Waste not, want not. The Advent wreath tradition started as a way to use up any trimmings from the Christmas tree in the 16th century. The tree would either be trimmed to fit into the home or to neaten up its shape. Christians wanted a triangular Christmas tree to represent the Holy Trinity. They were copying Saint Boniface who reputedly used the triangular shape of the fir tree to explain the concept of the Father, Son and Holy Spirit in the 7th Century.
As we have already noted in this year’s Advent Botany blogs, many Christian customs have their roots in Pagan traditions. The Christian church absorbed many of the old ways. Wreaths were associated with victory and honour in Roman times. Early wreaths were made out of laurel, olive leaves, wild celery and pine. Holly was used for the midwinter Pagan celebration of Saturnalia. This was an ancient Roman festival held in honour of the god Saturn between 17 and 23 December in the old Julian calendar. It involved many of the customs that we associate with Christmas today, such as feasting, giving gifts and charity. The date was later moved to 25 December.
Christmas wreaths added new meaning to the old tradition. Holly represented Jesus’s crown of thorns and its red berries recalled his blood. The circular shape and evergreen leaves symbolised eternal life and God’s unending love.
A German Lutheran pastor, Johann Hinrich Wichern (1808–1881), is generally credited with turning the wreath into an Advent symbol. He introduced the custom of lighting candles in a circle of different sizes and colours as Christmas grew closer. Christians saw this as a symbol of their faith and the light that Jesus brought to the world.
According to the tradition, the Advent wreath held 4 candles, one for each of the Sundays in Advent. Three candles were purple and one was red/pink. The first candle was called the Prophecy candle and represented hope. The second purple candle was called Bethlehem and symbolised love and Jesus in the manger. The third candle was called the Shepherd and represented Advent joy. The final candle was called the Angel candle and symbolised peace. Some wreaths included a red candle to represent Christ’s sacrifice on the Cross. A fifth central white candle was often lit to welcome the birth of Jesus on Christmas Eve.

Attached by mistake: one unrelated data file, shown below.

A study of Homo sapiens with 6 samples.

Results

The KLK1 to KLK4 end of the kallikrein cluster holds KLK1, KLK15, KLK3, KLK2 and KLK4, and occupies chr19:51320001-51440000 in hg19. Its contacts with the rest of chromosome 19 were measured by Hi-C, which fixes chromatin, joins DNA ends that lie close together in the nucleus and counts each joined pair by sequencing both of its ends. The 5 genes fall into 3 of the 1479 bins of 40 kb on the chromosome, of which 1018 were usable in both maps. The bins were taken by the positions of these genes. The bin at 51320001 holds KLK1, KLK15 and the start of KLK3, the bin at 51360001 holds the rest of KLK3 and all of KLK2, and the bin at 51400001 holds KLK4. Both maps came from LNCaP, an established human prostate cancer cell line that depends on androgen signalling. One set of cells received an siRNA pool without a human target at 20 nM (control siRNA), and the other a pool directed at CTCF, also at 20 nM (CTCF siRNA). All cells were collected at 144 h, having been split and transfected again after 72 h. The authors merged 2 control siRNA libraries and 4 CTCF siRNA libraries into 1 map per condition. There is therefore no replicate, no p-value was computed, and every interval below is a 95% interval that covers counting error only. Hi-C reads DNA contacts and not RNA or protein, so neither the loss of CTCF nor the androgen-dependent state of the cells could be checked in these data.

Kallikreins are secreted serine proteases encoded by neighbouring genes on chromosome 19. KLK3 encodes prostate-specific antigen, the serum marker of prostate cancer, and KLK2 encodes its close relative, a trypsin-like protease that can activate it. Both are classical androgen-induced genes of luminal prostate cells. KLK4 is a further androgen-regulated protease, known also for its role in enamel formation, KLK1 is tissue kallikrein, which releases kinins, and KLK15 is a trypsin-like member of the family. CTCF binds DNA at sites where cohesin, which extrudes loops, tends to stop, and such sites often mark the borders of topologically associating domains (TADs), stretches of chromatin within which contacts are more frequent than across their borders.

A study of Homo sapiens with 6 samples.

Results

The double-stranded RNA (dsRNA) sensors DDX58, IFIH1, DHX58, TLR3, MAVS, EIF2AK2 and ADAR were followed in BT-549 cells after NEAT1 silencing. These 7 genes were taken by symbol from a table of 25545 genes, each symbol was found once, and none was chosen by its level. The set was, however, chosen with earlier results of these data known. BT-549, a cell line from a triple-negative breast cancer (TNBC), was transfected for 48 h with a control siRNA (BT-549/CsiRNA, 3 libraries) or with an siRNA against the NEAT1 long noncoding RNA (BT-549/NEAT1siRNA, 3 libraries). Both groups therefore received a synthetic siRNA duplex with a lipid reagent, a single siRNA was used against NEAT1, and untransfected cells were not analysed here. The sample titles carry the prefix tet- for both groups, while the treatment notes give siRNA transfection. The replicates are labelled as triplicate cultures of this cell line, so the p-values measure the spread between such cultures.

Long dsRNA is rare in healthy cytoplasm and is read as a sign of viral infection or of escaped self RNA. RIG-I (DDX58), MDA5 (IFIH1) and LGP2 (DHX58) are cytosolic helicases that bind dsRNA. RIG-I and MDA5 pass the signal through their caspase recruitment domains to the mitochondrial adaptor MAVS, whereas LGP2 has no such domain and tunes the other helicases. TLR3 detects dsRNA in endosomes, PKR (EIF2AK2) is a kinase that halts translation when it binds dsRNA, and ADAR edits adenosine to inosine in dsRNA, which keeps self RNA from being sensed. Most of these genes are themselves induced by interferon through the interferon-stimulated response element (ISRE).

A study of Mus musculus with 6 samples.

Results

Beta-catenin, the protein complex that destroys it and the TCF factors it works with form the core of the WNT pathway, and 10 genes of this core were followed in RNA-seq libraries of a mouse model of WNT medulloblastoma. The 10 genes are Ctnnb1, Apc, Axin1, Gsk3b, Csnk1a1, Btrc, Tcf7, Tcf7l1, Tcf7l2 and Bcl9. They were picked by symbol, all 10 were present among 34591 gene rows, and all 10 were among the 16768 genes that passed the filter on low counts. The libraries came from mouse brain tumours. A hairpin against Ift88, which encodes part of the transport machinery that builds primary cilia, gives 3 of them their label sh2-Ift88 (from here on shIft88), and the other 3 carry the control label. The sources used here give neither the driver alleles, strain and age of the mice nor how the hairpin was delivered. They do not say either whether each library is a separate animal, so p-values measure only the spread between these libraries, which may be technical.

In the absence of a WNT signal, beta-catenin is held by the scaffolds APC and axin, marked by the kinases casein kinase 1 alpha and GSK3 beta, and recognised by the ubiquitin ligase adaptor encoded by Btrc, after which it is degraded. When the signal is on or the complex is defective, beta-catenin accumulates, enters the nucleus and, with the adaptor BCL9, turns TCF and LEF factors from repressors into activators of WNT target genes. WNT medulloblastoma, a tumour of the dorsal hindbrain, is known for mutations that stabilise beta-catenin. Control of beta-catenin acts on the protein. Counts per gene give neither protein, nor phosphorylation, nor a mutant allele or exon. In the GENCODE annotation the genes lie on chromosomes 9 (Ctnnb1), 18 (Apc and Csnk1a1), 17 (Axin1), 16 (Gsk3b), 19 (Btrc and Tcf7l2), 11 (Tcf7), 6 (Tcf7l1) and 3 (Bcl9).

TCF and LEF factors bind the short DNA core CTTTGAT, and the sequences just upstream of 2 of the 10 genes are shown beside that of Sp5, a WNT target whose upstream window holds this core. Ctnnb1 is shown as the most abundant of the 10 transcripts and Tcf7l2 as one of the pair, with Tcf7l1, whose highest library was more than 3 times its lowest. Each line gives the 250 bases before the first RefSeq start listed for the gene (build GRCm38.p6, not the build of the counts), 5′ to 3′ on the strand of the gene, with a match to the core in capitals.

Today, when we hang an Advent wreath on our front door for decoration, we have perhaps forgotten the original layers of meaning. A wreath is intended to demonstrate a Christian welcome to Jesus into our homes and the spirit of Christmas.
Make your own Advent Wreath?
Below are a few wreaths seen today on front doors. Some are quite innovative and imaginative, although there is a lot of plastic. Why not make your own Advent wreath closer to the old tradition this year? There is an excellent YouTube video below to help you.
References and Further Reading
- Moon, Kat (2018): Christmas Wreaths Are a Classic Holiday Decoration With a Surprisingly Deep History. Time. 21 December 2018
- Salusbury, Matt (2009): Did the Romans invent Christmas? History Today. Vol. 59, Issue 12. December 2009.
- Santa’s Quarters (2021): The origins of Christmas Wreaths.
- Treehouse (2021): How to Make Advent Wreath? Easy Christmas Wreath DIY Ideas. 13 October 2021
Previous Advent Blog on Holly
Karen does not seek or receive any commercial interest or advantage from this blog. She is not promoting any business venture. She simply loves to share fascinating facts about plants. These pages illustrate her love of plants, botany, biodiversity, gardens and creative expression. There is always so much to learn about plant diversity. This blog is designed as a showcase for photography, commentary on plants and wildlife, gardens and other places visited, horticulture and related topics. Viewpoints are her own, not those of her employer.